Where Does the Bible Condemn Gambling?

Why do so many Christians label gambling as a “sin” when the Bible doesn’t specifically condemn gambling?
By Wayne Jackson | Christian Courier


They demand a book, chapter, and verse that specifically prohibits the practice.

Like many sins, gambling is not directly named in Scripture. It is nonetheless, condemned in principle numerous times.

Gambling Is a Violation of Faithful Stewardship

The Bible teaches that what we own belongs to the Lord and is entrusted to us for our stewardship.

Imagine leaving money to care for your children with a relative while you were away on a trip. How would you feel if your relative put the whole wad on Powerball Lotto tickets?

The flippant person will say, “Great if he won!” But the reality is gambling empires are built on people losing, not winning.

To risk losing our Father’s money on games of chance is poor stewardship.

Notice the principles of stewardship embedded within the following passages.

“Moreover, it is required of stewards that they be found faithful” (1 Cor. 4:2).

“And the Lord said, ‘Who then is the faithful and wise manager, whom his master will set over his household, to give them their portion of food at the proper time?’” (Lk. 12:42).

“As each has received a gift, use it to serve one another, as good stewards of God’s varied grace” (1 Pet. 4:10).

Gambling Seeks to Enrich Self while Ignoring the Welfare of Your Neighbor

Gambling ignores the law of love for one’s neighbor. It is a zero-sum game. It is stealing by deception, because the loser, even though he grants permission never anticipates losing.

Love for other people means acting in their best interest even when they do not.

Note the principles of love must be ignored to participate in gambling.

“And a second is like it: You shall love your neighbor as yourself” (Mt. 22:39).

“Love does no wrong to a neighbor; therefore love is the fulfilling of the law” (Rom. 13:10).

“Let no one seek his own good, but the good of his neighbor” (1 Cor. 10:24).

Gambling Is Dishonest

Gambling violates the principle of doing honest work for one’s bread. It places your prosperity in the hands of Lady Luck, rather than a fair exchange of value for value. Lady Luck owes you nothing!

While gifts may be graciously received from time to time, the general rule is that we prosper by reaping that which we have sown. Giving to others labor or something of value initiates the receiving process. The motive for gambling is to prosper from others without a fair exchange.

“For even when we were with you, we would give you this command: If anyone is not willing to work, let him not eat” (2 Thes. 3:10).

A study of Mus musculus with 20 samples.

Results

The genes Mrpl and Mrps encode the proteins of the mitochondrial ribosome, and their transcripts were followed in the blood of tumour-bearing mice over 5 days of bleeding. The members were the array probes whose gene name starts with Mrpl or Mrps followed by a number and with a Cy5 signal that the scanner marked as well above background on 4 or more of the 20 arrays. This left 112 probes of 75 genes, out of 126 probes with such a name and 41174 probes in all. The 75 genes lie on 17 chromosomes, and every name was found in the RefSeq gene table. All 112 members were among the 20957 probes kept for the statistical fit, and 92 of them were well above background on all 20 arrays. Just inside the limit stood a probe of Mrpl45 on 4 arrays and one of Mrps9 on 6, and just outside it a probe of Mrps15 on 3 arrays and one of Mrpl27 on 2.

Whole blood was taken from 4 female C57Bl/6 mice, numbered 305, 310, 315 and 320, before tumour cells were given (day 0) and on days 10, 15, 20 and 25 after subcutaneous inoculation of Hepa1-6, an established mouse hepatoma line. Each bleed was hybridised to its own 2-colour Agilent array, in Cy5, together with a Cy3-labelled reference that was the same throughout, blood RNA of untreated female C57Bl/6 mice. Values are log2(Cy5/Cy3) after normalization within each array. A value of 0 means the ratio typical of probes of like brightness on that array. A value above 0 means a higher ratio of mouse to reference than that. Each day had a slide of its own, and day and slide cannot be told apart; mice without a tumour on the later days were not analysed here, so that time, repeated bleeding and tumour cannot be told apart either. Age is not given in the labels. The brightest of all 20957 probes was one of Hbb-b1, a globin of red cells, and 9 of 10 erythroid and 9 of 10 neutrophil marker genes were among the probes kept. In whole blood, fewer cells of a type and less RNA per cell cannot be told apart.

Gambling Enslaves through Addiction

Gambling is highly addictive. According to the National Gambling Impact Study Commission, 15 to 20 million adults and adolescents have either problem or pathological gambling addictions, which is about 5-7 percent of the U.S. population.

“If you take 15 million people and place them in average-sized NFL Football stadiums that hold about 70,000 people, you could fill approximately 214 stadiums to capacity with problem and pathological gamblers in the U.S. alone!” (CitizenLink.com)

Here are some important principles that require the Christian exhibit self-control, not addictive behaviors.

“‘All things are lawful for me,’ but not all things are helpful. ‘All things are lawful for me,’ but I will not be dominated by anything” (1 Cor. 6:12).

“But the fruit of the Spirit is love, joy, peace, patience, kindness, goodness, faithfulness, gentleness, self-control; against such things there is no law” (Gal. 5:23).

Gambling Sets an Evil Example

How many parents who truly love their children would want them to experience the negative consequences of gambling addiction?

Your influence on others either makes this world a better place, or it leads your friends and neighbors farther away from Christ.

Ask yourself, “Which of the following biblical principles of example and Christian influence does gambling violate?”

“Repay no one evil for evil, but give thought to do what is honorable in the sight of all” (Rom. 12:17).

“Let no one despise you for your youth, but set the believers an example in speech, in conduct, in love, in faith, in purity” (1Tim. 4:12).

“So I would have younger widows marry, bear children, manage their households, and give the adversary no occasion for slander” (1 Tim. 5:14).

“And many will follow their sensuality, and because of them the way of truth will be blasphemed” (2 Pet. 2:2).

Gambling Is often a Gateway to Crime

Gambling is the frequent companion with other vices (e.g., stealing, drugs, prostitution). Frequently, those chasing the elusive pot of gold resort to theft and other crimes to fund their gambling.

“For the commandments, ‘You shall not commit adultery, You shall not murder, You shall not steal, You shall not covet,’ and any other commandment, are summed up in this word: ‘You shall love your neighbor as yourself’” (Rom. 13:9).

“Let the thief no longer steal, but rather let him labor, doing honest work with his own hands, so that he may have something to share with anyone in need” (Eph. 4:28).

Gambling Destroys Families

Gambling is the destroyer of numerous homes. It takes food, clothing, and medical care from wives and children.

“But if anyone does not provide for his relatives, and especially for members of his household, he has denied the faith and is worse than an unbeliever” (1 Tim. 5:8).

Gambling Destroys the Soul

Gambling is the enemy of mental peace. It brings fear and anxiety. It creates an obsession with money that consumes the gambler. The suicide rate among gamblers is very high.

“For the love of money is a root of all kinds of evils. It is through this craving that some have wandered away from the faith and pierced themselves with many pangs” (1 Tim. 6:10).

Let every person who wishes to honor God and respect his neighbor avoid this noxious habit altogether.